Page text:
The Wyoming Institute for Disabilities (WIND is the WY LEND) has tapped the MN LEND program at the University of Minnesota's Institute on Community Integration (ICI is the MN UCEDD/LEND) to create a network of partner organizations across Minnesota that will enhance developmental screening, monitoring and education for families dealing with the effects of opioid exposure.

The effort is part of a national training initiative called Project SCOPE: Supporting Children of the OPioid Epidemic. Under the initiative, MN LEND will assemble a statewide interdisciplinary team to complete immersion training in ECHO-SCOPE, a guided practice model that uses knowledge-sharing videoconference networks led by expert training teams. The model brings the latest evidence-based training in disability and other services to families, educators, providers and administrators in their homes, schools and offices.

ICI's Minnesota Leadership Education in Neurodevelopmental Disabilities (MN LEND) fellowship program will coordinate the effort, in cooperation with the ICI Telehealth Laboratory and its Learn the Signs, Act Early autism intervention team. Several of ICI's external partners, including the state's major health agencies, Hennepin County, the Minneapolis Public Schools Early Childhood Special Education Family Navigators Program and University of Minnesota's Center for Advanced Studies in Child Welfare, are expected to be part of the network, which will launch in the fall.

"We're creating a hub of statewide partners across disciplines so we can be a resource for each other to ensure children affected by opioids get access to early supports," said Rebecca Dosch Brown, program director for MN LEND. "We need to share the development trajectory and evidence-based practices for optimal long-term development with families and others, such as foster families and professionals."

Opioids accounted for 60 percent of Minnesota's 694 drug-related deaths in 2017, according to the Overdose Detection Mapping Application Program. The number of children removed from their homes due to parental drug use increased by 128 percent between 2012 and 2016.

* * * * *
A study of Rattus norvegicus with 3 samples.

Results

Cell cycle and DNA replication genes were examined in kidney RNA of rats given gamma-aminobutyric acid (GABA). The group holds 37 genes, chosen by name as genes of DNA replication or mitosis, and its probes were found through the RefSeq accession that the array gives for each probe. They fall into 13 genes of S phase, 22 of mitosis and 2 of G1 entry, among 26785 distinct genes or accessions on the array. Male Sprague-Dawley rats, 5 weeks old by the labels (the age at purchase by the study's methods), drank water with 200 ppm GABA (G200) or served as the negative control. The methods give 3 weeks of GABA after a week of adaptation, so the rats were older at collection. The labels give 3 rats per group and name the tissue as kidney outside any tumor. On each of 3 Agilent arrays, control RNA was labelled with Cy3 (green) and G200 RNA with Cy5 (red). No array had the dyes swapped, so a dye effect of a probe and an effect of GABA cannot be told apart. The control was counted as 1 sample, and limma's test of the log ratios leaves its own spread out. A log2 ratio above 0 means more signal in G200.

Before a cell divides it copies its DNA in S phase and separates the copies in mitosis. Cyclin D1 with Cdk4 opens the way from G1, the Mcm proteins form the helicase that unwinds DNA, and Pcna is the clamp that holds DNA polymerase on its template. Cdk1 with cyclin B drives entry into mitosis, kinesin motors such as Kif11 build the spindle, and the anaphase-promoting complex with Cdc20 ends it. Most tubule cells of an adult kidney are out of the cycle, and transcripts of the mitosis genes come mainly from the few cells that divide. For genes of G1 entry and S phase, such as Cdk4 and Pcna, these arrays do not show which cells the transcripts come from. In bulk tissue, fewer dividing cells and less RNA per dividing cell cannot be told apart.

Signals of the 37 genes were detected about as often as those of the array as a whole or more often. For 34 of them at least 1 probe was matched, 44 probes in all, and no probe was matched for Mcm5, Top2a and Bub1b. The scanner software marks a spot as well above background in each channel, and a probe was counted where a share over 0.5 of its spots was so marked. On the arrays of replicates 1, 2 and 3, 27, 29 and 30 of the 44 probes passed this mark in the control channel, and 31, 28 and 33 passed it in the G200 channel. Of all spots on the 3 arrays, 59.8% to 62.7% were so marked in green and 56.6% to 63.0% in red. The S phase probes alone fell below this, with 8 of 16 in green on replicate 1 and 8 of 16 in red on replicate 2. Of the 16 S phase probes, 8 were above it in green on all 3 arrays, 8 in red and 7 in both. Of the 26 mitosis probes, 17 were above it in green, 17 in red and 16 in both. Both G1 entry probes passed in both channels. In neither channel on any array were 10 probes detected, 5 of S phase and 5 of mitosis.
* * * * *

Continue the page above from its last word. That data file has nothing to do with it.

"While opioid use has increased significantly in Minnesota, our systems have not kept pace with the growing need to support families holistically," Dosch Brown said.

Multiple developmental variables make pinpointing opioids' long-term neurocognitive effects difficult. Last year, however, the official journal of the American Academy of Pediatrics summarized a professional panel of experts, noting emerging literature suggesting an association between neonates exposed to opioids in utero and longer-term adverse developmental and neurocognitive outcomes.

ICI's Jennifer Hall-Lande is principal investigator for the project. Others on the team, in addition to Dosch Brown, include Pediatrics Associate Professor Rebekah Hudock; Chimei Lee, a pediatric neuropsychology fellow at University of Minnesota Medical School; Jessica Simacek (pictured onscreen with her son), ICI's Telehealth Laboratory manager; and current MNLEND Fellow Whitney Terrill.

Each academic year, MN LEND brings together a cross section of fellows for an interdisciplinary leadership training program. Fellows are professionals, self-advocates, and family members from the greater community, as well as post-doctoral researchers and graduate students from more than 16 University of Minnesota academic disciplines. The LEND experience has allowed ICI to form relationships with a significant and diverse group of organizations, a key component of the Project SCOPE effort.